Archives

Episode 1203—Air Date: January 15, 2012

This week on National Geographic Weekend host Boyd Matson speaks with guests about surviving an avalanche in Pakistan, paragliding over volcanoes in Ethiopia, discovering new shark mating habits in Australia, getting robbed at gunpoint in Laos, photographing lions in East Africa, discovering new ways to see without eyesight, eating one's way through China, and migrating with whooping cranes.

HOUR 1

• National Geographic’s 2012 Adventurer of the Year, Cory Richards, documented his ascent of Pakistan’s Gasherbrum II in his documentary, Cold. What he hadn’t counted on was getting caught in an avalanche that buried his whole team. He revisits the event with Boyd, from the terror of the avalanche to discovering that his friends had also survived.

George Steinmetz soared above Africa’s Afar Depression in his January article for National Geographic magazine. He told Boyd how he felt like he was visiting Biblical times, soaring above salt-laden camel caravans in his motorized paraglider.

• Deer and elk don’t mate. Neither do horses and cows. But off Australia’s coast, two separate species of shark are mating, and may be breeding themselves out of existence. Dr. Jennifer Ovenden tells Boyd that the hybrid offspring may be hardier and better suited for survival.

Sarah Marquis is walking from Siberia to Australia. Recently, she found herself in Laos, staring down the barrel of an automatic rifle and being yelled at in a language she didn’t know. She tells Boyd about how she walked away unharmed—but with fewer possessions.

David Braun, editor of National Geographic Daily News, joins Boyd to discuss a shark’s seemingly immaculate conception.

HOUR 2

Nick Nichols checked in from Kenya, where he is using remote imaging technology to get a new perspective on photographing lions and elephants.

• When Daniel Kish lost his sight as an infant, he quickly adapted another method of relating to the world around him. Without understanding it, he began to click his tongue in a way that allowed him to hear objects—a form of human sonar. He now helps others without sight navigate the world.

Nate Tate and his sister Mary Kate have traveled all over China, eating their way through the nation’s various cuisines. Chinese food in the United States doesn’t exactly ring as authentic, so they wrote Feeding the Dragon, a cookbook to bring China’s culinary secrets Stateside. But they omitted the recipes that included dog, which, as Nate explains, tastes like “gamey beef.”

Joe Duff is unusually dedicated in helping whooping cranes migrate. He has been living with a flock of the birds making their first winter migration from Wisconsin to Florida. They left in October but currently sit in Alabama, nearing the end of their trip.

• In the weekly Wild Chronicles segment Boyd shares his amazement when he discovered just how powerful a dolphin’s echolocation can be.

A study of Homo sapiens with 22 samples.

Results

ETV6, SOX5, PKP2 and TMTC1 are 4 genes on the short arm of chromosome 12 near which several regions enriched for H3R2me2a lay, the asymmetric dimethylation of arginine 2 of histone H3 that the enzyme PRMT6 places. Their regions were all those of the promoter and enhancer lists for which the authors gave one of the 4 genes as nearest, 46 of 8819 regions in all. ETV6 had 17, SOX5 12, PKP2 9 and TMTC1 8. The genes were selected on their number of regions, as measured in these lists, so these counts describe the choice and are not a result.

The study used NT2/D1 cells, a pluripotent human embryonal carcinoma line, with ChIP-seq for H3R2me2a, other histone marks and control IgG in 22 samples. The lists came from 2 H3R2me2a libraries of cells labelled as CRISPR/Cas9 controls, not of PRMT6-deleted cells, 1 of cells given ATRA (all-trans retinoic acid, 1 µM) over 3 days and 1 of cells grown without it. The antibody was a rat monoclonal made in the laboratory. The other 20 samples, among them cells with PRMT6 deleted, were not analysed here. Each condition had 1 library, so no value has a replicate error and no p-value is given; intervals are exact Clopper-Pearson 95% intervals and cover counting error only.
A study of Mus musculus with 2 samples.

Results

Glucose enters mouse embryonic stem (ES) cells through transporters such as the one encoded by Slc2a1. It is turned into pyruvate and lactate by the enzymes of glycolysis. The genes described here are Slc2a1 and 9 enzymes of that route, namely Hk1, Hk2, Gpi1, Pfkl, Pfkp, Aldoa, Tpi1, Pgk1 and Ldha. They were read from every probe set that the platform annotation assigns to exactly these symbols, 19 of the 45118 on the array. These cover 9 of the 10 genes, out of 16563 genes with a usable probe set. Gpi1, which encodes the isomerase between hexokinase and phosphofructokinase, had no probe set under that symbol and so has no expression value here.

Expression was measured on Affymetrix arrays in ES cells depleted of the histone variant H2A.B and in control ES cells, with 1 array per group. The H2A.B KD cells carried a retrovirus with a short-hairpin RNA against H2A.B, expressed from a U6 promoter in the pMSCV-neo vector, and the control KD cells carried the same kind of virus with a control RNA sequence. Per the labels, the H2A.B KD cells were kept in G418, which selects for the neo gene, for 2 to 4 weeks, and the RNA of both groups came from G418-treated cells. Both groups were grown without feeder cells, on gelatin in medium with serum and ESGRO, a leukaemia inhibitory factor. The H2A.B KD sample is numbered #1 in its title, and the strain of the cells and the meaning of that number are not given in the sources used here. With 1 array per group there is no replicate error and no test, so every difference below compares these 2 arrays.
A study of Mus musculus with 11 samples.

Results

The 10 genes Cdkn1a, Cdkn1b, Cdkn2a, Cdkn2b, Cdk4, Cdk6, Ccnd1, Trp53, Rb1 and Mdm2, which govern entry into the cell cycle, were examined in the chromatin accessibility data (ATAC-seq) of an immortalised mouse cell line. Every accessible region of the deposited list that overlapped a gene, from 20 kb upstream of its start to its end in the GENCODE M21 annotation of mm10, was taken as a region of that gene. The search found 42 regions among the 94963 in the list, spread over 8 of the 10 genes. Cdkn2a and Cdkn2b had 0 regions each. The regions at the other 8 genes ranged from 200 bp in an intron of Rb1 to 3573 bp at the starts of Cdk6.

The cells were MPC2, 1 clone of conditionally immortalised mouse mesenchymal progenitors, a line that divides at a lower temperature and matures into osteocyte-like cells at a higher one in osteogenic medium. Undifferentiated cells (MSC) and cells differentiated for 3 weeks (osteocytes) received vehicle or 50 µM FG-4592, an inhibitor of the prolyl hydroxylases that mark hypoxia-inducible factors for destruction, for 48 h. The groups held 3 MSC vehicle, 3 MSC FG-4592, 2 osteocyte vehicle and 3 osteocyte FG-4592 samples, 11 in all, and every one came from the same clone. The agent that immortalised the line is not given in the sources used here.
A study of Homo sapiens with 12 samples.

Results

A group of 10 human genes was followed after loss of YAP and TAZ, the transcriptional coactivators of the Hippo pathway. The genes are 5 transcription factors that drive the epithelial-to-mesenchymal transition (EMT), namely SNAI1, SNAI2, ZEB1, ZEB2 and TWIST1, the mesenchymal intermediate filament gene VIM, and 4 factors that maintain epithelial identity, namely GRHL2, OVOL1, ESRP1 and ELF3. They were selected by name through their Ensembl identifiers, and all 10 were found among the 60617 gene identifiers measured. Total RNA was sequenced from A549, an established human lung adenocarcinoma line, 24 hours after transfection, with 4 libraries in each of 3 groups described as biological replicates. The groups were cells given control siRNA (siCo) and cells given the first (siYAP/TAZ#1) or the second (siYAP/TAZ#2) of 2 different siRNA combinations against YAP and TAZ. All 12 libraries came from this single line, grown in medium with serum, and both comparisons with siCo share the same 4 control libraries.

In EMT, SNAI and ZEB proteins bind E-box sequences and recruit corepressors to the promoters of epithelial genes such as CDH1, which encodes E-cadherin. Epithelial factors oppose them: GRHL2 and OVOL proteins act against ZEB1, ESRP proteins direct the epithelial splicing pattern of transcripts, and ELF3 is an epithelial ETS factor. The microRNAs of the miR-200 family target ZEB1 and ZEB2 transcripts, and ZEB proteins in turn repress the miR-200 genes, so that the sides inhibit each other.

Listen to National Geographic Weekend

Episode 1203—Air Date: January 15, 2012

  • 00:11:00 Cory Richards

    National Geographic’s 2012 Adventurer of the Year, Cory Richards documented his ascent of Pakistan’s Gasherbrum II in his documentary, Cold. What he hadn’t counted on was getting caught in an avalanche that buried his whole team. He revisits that moment with Boyd, as well as those after where he discovered his friends had also survived.

  • 00:09:00 George Steinmetz

    George Steinmetz soared above Africa’s Afar Depression in his January article for National Geographic magazine. He told Boyd how it felt like visiting Biblical times, soaring above salt-laden camel caravans in his motorized paraglider.

  • 00:06:00 Jennifer Ovenden

    Deer and elk don’t mate. Neither do horses and cows. But off Australia’s coast, two separate species of shark are mating, and may be breeding themselves out of existence. Dr. Jennifer Ovenden tells Boyd that the hybrid offspring may be hardier and better suited for survival.

  • 00:08:00 Sarah Marquis

    Sarah Marquis is walking from Siberia to Australia. Recently, she found herself in Laos, staring down the barrel of an automatic rifle and being yelled at in a language she didn’t know. She tells Boyd about how she walked away unharmed – but with fewer possessions.

  • David Braun, editor of National Geographic Daily News, joins Boyd to discuss a shark’s seemingly immaculate conception.

  • 00:11:00 Nick Nichols

    Nick Nichols checked in from Kenya, where he is using remote imaging technology to get a new perspective on photographing lions and elephants.

  • 00:09:00 Daniel Kish

    When Daniel Kish lost his sight as an infant, he quickly adapted another method of relating to the world around him. Without understanding it, he began to click his tongue in a way that allowed him to hear objects – a form of human sonar. He now helps others without sight navigate the world.

  • Nate and his sister Mary Kate Tate have traveled all over China, eating their way through the nation’s various cuisines. Chinese food in the United States doesn’t exactly ring as “authentic,” but they wrote “Feeding the Dragon,” a cookbook to bring China’s culinary secrets Stateside. But they omitted the recipes that included dog, which, as Nate explains, tastes like “gamey beef.”

  • 00:08:00 Joe Duff

    Joe Duff is unusually dedicated in helping whooping cranes migrate. He has been living with a flock of the birds making their first winter migration from Wisconsin to Florida. They left in October but currently sit in Alabama, nearing the end of their trip.

  • 00:03:50 Dolphin Sonar

    In the weekly Wild Chronicles segment Boyd shares his amazement when he discovered just how powerful a dolphin’s echolocation can be.